Gender roles are a prevalent theme, and we can look at Shakespeare's plays to think about how women were perceived and treated in Elizabethan society. A Midsummer Night's dream begins with Hermia pleading with Theseus to let her marry Lysander, whom she loves. Her father, however, wants her to marry Demetrius. As a young girl in this society, Hermia is not free to make her own choice. She must follow her father's orders and marry Demetrius, take a vow of chastity at a convent, or die.

Juliet is in a similar situation where her father makes a match for her. He arranges for her to marry Paris, even though she just about to turn fourteen. When Juliet talks with her mother and her Nurse, they comment on how younger girls than she are already married with children. This shows us how it was common in that society for girls to be married off at a young age.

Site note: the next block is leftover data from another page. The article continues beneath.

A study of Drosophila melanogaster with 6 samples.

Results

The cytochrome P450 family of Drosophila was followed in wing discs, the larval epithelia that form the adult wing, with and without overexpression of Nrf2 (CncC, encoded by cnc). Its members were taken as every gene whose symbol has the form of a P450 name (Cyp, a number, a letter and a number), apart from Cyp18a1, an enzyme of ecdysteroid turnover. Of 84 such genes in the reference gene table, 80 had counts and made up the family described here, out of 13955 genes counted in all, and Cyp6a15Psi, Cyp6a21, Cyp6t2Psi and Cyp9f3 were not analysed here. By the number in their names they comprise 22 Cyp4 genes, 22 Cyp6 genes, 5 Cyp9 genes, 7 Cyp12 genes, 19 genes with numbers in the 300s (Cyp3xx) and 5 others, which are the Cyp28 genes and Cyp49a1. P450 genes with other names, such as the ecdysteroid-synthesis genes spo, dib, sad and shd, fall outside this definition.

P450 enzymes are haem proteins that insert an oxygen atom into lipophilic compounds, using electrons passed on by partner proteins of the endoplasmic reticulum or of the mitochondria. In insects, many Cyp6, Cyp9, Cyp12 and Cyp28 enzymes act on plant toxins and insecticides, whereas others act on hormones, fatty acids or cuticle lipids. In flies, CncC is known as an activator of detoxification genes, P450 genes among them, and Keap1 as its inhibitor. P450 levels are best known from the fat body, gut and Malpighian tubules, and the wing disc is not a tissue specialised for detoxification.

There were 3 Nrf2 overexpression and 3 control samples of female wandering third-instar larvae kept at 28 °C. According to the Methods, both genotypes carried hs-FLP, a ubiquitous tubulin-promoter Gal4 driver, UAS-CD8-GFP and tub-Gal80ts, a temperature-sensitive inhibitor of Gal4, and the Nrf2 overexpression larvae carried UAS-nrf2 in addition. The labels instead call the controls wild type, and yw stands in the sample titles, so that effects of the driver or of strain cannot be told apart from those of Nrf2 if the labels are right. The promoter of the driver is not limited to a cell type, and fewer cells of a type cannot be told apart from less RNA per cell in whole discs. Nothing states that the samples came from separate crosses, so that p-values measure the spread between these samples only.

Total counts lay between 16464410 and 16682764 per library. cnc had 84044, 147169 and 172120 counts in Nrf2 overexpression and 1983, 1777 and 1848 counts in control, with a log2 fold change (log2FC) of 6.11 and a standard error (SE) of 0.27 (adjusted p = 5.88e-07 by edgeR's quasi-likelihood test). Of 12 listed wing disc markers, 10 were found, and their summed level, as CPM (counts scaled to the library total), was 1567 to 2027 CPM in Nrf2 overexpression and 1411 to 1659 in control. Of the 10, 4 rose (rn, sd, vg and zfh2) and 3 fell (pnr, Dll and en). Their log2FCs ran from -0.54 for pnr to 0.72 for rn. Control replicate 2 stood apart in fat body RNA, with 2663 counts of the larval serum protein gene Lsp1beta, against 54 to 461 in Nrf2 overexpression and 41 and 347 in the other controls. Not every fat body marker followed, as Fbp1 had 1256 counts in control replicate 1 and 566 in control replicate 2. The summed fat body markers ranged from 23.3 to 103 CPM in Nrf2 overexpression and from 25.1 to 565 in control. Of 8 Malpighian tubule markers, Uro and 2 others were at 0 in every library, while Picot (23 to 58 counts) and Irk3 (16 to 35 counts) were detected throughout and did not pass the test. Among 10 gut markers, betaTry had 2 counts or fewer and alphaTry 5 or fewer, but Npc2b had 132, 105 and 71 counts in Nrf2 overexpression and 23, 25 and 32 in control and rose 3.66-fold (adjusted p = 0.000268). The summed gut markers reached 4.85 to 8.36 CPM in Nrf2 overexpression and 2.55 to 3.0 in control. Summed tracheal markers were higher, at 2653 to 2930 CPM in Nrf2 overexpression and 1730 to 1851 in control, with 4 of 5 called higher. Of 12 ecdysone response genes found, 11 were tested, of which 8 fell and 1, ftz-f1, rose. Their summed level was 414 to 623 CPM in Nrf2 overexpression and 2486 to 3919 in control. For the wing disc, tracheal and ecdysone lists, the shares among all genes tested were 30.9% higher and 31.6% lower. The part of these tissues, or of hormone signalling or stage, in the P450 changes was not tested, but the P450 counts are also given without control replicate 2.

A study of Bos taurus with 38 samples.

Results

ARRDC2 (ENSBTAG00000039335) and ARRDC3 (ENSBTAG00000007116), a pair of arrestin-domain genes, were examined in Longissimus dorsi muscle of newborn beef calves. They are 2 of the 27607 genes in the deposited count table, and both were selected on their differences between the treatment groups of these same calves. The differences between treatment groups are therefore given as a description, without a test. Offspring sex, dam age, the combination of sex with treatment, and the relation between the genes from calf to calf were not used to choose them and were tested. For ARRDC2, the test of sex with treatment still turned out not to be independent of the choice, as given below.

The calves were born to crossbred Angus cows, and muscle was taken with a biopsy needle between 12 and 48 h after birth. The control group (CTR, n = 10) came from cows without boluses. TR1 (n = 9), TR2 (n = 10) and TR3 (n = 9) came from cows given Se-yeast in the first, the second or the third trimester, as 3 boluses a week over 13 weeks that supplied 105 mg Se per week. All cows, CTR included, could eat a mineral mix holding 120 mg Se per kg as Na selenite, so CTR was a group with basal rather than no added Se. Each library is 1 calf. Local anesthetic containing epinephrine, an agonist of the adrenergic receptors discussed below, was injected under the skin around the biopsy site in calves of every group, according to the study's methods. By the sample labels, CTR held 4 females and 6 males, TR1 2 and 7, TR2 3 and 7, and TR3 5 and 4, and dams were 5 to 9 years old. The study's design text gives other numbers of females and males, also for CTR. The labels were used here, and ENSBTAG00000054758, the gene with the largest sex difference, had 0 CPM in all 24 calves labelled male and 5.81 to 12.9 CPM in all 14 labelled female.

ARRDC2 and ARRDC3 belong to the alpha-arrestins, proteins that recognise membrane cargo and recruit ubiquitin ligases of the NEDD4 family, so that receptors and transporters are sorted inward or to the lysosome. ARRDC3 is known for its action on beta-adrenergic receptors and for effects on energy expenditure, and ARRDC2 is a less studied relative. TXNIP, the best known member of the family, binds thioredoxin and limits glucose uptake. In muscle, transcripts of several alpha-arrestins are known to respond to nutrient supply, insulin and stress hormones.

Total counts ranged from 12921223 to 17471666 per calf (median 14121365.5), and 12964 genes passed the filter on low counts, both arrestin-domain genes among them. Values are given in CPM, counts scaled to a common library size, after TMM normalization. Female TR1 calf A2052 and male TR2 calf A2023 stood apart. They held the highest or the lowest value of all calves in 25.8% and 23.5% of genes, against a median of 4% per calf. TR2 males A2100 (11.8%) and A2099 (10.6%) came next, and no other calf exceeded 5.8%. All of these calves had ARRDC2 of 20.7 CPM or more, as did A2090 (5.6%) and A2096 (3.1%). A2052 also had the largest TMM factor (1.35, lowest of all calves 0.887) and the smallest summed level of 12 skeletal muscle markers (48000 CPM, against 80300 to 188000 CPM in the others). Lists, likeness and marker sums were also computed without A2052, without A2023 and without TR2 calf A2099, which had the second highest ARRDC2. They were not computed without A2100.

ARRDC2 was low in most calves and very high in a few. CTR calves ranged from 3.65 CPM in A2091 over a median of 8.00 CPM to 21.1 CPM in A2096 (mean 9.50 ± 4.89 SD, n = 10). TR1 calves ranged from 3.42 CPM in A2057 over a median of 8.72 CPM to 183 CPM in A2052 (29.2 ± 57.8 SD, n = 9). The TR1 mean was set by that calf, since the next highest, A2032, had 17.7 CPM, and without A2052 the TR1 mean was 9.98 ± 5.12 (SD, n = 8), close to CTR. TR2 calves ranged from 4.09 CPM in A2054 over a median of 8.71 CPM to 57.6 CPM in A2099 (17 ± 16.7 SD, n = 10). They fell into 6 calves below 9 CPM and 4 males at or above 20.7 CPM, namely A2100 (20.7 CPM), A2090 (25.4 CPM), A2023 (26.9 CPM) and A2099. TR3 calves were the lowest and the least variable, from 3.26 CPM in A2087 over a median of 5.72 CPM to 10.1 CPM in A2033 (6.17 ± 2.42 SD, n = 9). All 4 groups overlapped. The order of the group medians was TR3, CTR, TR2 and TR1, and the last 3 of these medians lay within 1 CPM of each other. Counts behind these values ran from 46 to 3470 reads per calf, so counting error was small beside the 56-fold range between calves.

Brabantio assumes his daughter has been stolen by Othello , when in reality...



What is the political context in Twelfth Night?

mrsvladimirova | Student

the cultural mores of the day were reflected in his writing. He wrote in detail about the way that society functioned, in fact, he revealed the flaws in the way that society functioned by developing characters who acted outside the expectations of society. He is famous for creating strong female characters who stood up to social expectations to express themselves and attain their needs(Kate from the Taming of the Shrew). He laughed at the absurdity of love and relationships(Midsummer Night''s Dream), exposed lust and greed(Hamlet) and highlighted the dominance of the human spirit(Twelfth Night). Most importantly, he showed that often, a character's greatest strength is also his or her greatest weakness(Hamlet, or any character, for that matter).